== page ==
Opinion: Eric Adams has some misconceptions about nonprofits and why they haven’t come together

Here’s clarification and what can be done to achieve that goal.

Mayor Eric Adams attends a “Talk with Eric: A Community Conversation” at  Canarsie Educational Campus in Brooklyn on February 26, 2024.

Mayor Eric Adams attends a “Talk with Eric: A Community Conversation” at Canarsie Educational Campus in Brooklyn on February 26, 2024. Ed Reed/Mayoral Photography Office.

The New York Merger and Collaboration Fund is a philanthropic resource to help nonprofits explore various forms of mergers, partnerships, and collaborations. Since inception in 2012, the fund – which is managed by SeaChange – has made 82 grants totaling $2.6 million, and has engaged with hundreds of nonprofits as they explore whether by coming together in some way they might be better able to advance their missions. The fund makes the exploratory and planning processes easier for nonprofits by offering them a safe, confidential space for discussion and grants to help defray the associated costs.

So, I was overjoyed when the mayor recently asked about nonprofits, “Why is everyone not coming together?” (See the Community Conversation in Canarsie starting at 1:05:30) This is the first time that any New York mayor has publicly expressed interest in the topic. But while I appreciate his curiosity – why indeed! – his comments suggest that he may be under some misconceptions. So, I’ve taken the liberty of addressing them one by one:

“One of my pet peeves that I talk about all the time. . . you can’t have five nonprofits on the block that does financial literacy.”

Actually, you can. In this country, nonprofits are easy to start and there are a lot of good reasons why people choose to start their own nonprofits rather than work for existing organizations. Nonprofits are vehicles through which the people involved express their values and seek – as leaders, staff, funders, and board members – to make change in the world. Once started, even the smallest nonprofits can continue for a long time because of the mission orientation of their leaders, their relatively low fixed costs, the strong pull many funders feel toward small organizations, the willingness of their boards and staff to do almost anything – take reductions in pay, accept furloughs, miss payrolls – to continue the mission.

“We have to consolidate.”

If “we” means “New York City” the fact is that contracting is already very highly consolidated. According to CheckBook NYC, the city spent $9.3 billion on human services in FY2023: 50% of the spending went to the largest 63 nonprofits (1.8%), 80% went to the largest 275 (8%), and only 5% went to the smallest 80% (around 2,750). So even if the city redlined 80% of its partners – which would be very troubling for all sorts of reasons, as well as politically infeasible – it would only save 5%. Furthermore, this would not really be “savings” since these groups are providing critical services that would need to be replaced.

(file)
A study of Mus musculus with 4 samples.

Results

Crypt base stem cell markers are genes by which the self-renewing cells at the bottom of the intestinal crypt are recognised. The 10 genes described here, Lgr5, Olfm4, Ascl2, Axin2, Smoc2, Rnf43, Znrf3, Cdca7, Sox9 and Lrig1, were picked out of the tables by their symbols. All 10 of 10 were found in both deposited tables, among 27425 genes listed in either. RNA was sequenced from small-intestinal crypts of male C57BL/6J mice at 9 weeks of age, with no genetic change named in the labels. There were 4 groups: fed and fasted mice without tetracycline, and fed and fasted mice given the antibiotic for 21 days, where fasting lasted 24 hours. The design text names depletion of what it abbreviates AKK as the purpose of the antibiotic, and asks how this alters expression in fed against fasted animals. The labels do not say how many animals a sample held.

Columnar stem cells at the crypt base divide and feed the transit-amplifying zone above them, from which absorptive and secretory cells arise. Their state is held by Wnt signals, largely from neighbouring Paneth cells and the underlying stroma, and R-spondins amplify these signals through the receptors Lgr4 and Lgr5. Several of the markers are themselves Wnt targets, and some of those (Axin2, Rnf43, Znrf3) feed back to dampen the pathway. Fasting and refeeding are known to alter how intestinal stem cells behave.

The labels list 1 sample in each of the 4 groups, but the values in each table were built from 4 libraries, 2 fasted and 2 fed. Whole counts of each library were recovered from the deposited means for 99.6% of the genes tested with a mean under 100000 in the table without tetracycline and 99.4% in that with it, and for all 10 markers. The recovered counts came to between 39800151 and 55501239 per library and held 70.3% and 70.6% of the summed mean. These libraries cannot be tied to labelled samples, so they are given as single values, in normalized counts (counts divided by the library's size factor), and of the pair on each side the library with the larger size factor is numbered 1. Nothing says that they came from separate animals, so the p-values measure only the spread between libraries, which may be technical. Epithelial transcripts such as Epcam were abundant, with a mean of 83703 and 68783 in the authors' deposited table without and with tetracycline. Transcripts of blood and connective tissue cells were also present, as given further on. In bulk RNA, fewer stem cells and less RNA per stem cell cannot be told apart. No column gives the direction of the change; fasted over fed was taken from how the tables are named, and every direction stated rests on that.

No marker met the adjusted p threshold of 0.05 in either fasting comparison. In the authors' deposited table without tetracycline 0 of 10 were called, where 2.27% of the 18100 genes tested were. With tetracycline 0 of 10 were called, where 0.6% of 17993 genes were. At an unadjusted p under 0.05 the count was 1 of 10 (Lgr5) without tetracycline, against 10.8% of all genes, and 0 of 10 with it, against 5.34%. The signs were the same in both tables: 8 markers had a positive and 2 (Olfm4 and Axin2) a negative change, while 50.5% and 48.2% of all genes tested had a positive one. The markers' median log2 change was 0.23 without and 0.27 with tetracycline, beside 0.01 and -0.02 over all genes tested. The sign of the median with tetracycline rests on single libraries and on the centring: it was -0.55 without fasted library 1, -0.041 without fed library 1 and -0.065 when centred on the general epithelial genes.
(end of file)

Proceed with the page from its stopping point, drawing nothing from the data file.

“Why is everyone not coming together to do this?”

This is a great question. There is no outside power that can make nonprofits come together (the Office of the New York State Attorney General could in response to malfeasance, but “insufficient interest in consolidation” is not a crime). If nonprofits are going to come together successfully it must be of their own volition. They need to believe – based on a thoughtful case-by-case exploration – that by joining forces they will be more efficient, effective, or stable in pursuit of their missions. While there are certainly many unexplored opportunities where this would be true, consolidation and scale do not guarantee more impact since smaller organizations, while perhaps less efficient as measured by something crude like “overhead ratio” (though even this must be considered on a case-by-case basis), can be more resilient (they tend to have more donations as a portion of their budget), are less complex to run, and are often closer to the communities they serve.

So rather than, “Why is everyone not coming together to do this?” the better question might be “What can the city do to encourage and support nonprofits in exploring how they might come together?” Here are a few things. 

  1. Run sessions for would-be nonprofit founders introducing them to existing organizations doing similar work, educating them about the real-world hassles of running a nonprofit, and connecting them with fiscal sponsors like the Fund for the City of New York.
  2. Create a single point of contact within Mayor’s Office of Nonprofits Services so that, when nonprofits with city contracts are considering coming together, all the agency-by-agency work associated with transferring contracts is more easily navigated. Ensure that when nonprofits merge, their existing contracts do not have to be rebid.
  3. Offer technical assistance to nonprofits interested in exploring joining forces with others.
  4. Arrange “mixers” where the city’s nonprofit partners can get to know one another based on neighborhood or program area.
  5. Pay nonprofits on a timely and predictable basis. Nonprofits cannot explore how they might work together while at the same time worrying about whether they will get paid in time to make payroll.

If the city did these things, I am confident that serendipity would do its magic and more organizations – though not “everyone” – would explore coming together, and some of them would decide to do it. This would be exciting to watch and to be part of. So rather than just “talking all the time” about his pet peeve, I hope the mayor acts on it.

John MacIntosh is the Managing Partner of SeaChange Capital Partners, which offers grants, loans, financial analysis, and strategic advice to nonprofits navigating complex challenges.